Mr. Joke Returns to China
Our traveler returns to China this summer for a month of teaching, lecturing and learning at industry and university sites in Shanghai, Nanjing and Chongqing. Last summer, during his Fulbright to Beijing, he was once introduced to a formal conference as “Mr. Joke,” a moniker that has stuck. Following is the record of Mr. Joke’s reprise.
China stretches across my couch — from Xingjian’s arid deserts in the west to the prosperous cities of the south, to the political heart of Beijing in the north, to the glittering neon-lit waterfront of modern Shanghai in the east— the old National Geographic map sprawls on the pillows like a crazy quilt piece of art, punctuated by highlighted blobs of colors marking few places this traveler has been. And the map, its vastness and mystery, tells me, ‘Stranger, how little you know of me… and what challenges and adventures await!”
What am I doing in China — a former small-town newspaper owner-publisher turned University lecturer?
What could I possibly have to offer the world’s largest country, the second largest economy, and a land of 1.3 billion people, force-fed by a state-controlled media system?
Therein lies the tale.
When in 2008 I received an email from an unknown Chinese scholar in Beijing requesting a year of study with me at Chapel Hill, I thought to myself, “Why bother?” and dismissed the notion…until the following year when Associate Professor Chen Kai wrote again informing me this time that UNC had accepted her as a Visiting International Scholar, and that she intended to spend the year studying American community newspapers, and that I had been assigned as her mentor!
Why me? Because she had stumbled across my book, “Community Journalism, the Personal Approach,” in her university library (the Communication University of China in Beijing).
Why Community Journalism? Because even with a state-controlled media system, community newspapers are being launched, under the radar, illegally and in something of a shadow media ecosystem. And with the burgeoning growth of the Web and blogs, there is much interest in the development of a local news reporting — as a new revenue stream for existing newspapers, as a way to generate new interest in local affairs, and most importantly, as a way to achieve that old and elusive Chinese goal: the Harmonious Society.
In the US, we would call that “civic engagement,” namely that individual citizens realize their single importance, become involved, and
In the U.S., we call that “civic engagement,” the process by which individuals embrace their role as stewards and caretakers of their local affiars. Of course, we believe that an informed citizenry is vital to the maintenance of a free society…to the maintenance of a robust community.
But there’s the rub, isn’t it? The concept of “community” is largely unknown to many Chinese, especially in the cities where growth from rural areas is exploding. And the concept of the “watchdog press” is also foreign to their way of thinking.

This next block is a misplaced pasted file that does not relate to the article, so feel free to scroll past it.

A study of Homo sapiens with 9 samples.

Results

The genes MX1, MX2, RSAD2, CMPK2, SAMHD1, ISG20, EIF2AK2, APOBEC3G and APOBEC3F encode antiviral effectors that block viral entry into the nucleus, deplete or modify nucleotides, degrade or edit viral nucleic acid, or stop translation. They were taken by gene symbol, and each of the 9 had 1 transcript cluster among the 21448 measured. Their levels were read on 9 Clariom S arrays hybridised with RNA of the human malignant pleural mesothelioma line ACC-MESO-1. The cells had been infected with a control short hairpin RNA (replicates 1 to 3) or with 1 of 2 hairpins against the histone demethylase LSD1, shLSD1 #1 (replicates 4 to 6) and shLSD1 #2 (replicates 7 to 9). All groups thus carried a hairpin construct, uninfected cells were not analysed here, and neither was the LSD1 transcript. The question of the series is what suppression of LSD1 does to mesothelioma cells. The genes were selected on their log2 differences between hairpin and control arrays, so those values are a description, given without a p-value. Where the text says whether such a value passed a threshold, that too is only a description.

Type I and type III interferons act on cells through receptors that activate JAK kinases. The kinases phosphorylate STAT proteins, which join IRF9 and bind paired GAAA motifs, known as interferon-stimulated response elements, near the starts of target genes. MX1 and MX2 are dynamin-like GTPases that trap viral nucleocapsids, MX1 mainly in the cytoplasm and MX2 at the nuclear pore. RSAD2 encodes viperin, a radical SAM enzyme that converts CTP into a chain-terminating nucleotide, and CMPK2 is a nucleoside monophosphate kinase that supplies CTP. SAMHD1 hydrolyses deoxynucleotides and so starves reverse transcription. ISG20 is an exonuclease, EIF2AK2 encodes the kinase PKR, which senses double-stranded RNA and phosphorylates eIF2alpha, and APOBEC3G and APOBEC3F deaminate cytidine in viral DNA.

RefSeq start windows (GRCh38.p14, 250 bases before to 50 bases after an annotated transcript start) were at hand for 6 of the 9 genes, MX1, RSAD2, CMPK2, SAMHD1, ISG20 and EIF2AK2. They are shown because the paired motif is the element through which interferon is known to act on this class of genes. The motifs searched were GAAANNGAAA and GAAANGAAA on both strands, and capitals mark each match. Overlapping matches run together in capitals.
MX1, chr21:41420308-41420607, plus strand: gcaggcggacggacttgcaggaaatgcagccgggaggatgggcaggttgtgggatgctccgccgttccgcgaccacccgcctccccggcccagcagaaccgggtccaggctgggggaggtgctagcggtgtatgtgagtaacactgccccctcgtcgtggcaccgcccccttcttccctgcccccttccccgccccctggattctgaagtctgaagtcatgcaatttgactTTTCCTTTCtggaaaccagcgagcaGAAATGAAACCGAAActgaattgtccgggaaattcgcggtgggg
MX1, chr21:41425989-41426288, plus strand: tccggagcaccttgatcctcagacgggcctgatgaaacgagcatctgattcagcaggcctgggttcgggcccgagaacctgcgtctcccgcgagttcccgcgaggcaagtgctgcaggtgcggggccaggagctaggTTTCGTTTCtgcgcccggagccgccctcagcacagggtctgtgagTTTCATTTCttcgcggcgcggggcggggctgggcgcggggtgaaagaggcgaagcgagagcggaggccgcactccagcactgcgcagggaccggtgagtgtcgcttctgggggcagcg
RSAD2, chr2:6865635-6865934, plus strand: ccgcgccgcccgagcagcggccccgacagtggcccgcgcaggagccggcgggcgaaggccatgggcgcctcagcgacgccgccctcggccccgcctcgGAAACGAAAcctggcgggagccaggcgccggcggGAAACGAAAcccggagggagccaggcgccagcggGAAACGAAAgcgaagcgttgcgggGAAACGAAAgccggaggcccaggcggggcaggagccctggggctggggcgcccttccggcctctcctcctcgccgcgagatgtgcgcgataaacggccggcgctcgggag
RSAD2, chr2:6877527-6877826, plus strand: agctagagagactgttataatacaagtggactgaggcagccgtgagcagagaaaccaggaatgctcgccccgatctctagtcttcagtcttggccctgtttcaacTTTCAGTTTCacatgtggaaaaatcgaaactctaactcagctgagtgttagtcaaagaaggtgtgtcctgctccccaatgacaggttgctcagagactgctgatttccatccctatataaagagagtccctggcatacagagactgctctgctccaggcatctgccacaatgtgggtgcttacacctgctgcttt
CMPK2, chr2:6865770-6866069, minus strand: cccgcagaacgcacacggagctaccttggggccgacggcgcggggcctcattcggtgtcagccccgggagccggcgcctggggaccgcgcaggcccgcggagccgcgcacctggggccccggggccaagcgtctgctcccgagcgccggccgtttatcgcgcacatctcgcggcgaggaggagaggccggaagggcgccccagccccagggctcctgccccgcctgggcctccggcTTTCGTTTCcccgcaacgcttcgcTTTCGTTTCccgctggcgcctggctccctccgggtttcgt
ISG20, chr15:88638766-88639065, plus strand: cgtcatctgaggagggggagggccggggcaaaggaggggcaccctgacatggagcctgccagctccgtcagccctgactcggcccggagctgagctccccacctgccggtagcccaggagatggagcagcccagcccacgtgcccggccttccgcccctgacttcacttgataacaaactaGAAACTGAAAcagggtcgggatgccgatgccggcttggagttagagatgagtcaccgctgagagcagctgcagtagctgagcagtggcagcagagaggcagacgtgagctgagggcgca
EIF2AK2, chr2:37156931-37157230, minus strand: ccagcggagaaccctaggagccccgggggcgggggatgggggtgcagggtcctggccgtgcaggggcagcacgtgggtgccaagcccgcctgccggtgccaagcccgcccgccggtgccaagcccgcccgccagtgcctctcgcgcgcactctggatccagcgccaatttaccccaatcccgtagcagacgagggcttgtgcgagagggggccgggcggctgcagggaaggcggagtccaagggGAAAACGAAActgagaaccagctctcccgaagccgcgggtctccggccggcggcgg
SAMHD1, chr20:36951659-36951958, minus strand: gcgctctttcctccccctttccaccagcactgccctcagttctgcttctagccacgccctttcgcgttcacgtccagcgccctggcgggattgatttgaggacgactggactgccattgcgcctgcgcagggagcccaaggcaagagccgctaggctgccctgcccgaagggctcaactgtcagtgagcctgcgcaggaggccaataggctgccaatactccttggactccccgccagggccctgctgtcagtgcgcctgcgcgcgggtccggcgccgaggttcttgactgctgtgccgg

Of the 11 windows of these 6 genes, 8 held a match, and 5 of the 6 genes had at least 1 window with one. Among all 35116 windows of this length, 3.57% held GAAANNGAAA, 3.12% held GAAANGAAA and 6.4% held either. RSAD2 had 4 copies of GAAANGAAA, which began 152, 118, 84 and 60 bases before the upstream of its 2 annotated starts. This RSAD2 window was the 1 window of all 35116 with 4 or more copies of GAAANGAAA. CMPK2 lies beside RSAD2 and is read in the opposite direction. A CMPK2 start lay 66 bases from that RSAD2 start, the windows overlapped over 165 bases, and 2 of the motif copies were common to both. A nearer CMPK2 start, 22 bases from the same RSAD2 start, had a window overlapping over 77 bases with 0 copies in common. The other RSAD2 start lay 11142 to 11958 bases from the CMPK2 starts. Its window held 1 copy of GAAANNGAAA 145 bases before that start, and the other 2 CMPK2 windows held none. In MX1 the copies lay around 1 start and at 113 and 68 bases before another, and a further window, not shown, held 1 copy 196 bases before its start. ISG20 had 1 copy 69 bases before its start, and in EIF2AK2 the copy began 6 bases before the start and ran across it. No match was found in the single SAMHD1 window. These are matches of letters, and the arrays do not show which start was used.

Into the Breach
So how could I say no?
Prof “Karen,” as she called herself, arrived on campus in August 2009 with her 12-year-old son, Coco (Frank) — and almost immediately we began targeting what I call “Great Good Papers” across the state.
Over the course of the year we visited the Chapel Hill News, the Daily Tar Heel, the Carrboro Citizen, the Shelby Star, the Sanford Herald, the Spring Hope Enterprise, the Fayetteville Observer, the Washington Daily News, the Greenville News-Reflector, the Carolina Weekly Group in Huntersville and the Pilot of Southern Pines. At each paper, she conducted exhaustive interviews with publishers, editors and reporters. During that time she also accompanied me on my annual summer Community Journalism Roadshow as I led workshops at the Caswell Messenger in Yanceyville, the Montgomery Herald in Troy and the Louisburg Journal.
Prof. Karen’s extensive observations, notes and photos turned into the seminal book, published in Mandarin last year, titled “Introduction to Community Journalism in the U.S.” by the Nanfang Daily Press. I am honored to have served as project director and having written the foreword.
I threw myself into the project because I came to believe that such a book would fundamentally alter the landscape of Chinese understanding of community journalism.
According to Prof Chen, Chinese professionals had gotten their stereotyped and inaccurate impression of American newspapers only anecdotally and indirectly — not directly from visiting American scholars and practitioners— especially those with whom they could establish personal relationships. And about community newspapers, they knew almost nothing!
The publication of that book led directly to a Fulbright last summer to Beijing, where I taught at three universities and met with industry leaders.
“Our” book also led us to another scholar, intrigued by the notion of community journalism. Associate Professor Li Ren, associate dean of the School of Global Journalism at Southwest University of Political Science and Law in Chongqing, contacted us.
And soon a full-blown Skype relationship had been initiated —not just between we three, but also between our classes. Live Skyping across 9,000 miles, face to face with fellow students, journalists and colleagues.
To my way of thinking, Skyping represents a stunning life-altering way of communicating, teaching and learning. To my knowledge, our Sino-U.S. student-to-student Skyping sessions were the first-of-its-kind in our school.
All of this leads to the summer of 2013 and our current lecture trip, headlined by the inclusion of Sanford Herald Publisher Bill Horner III and his wife, Lee Ann.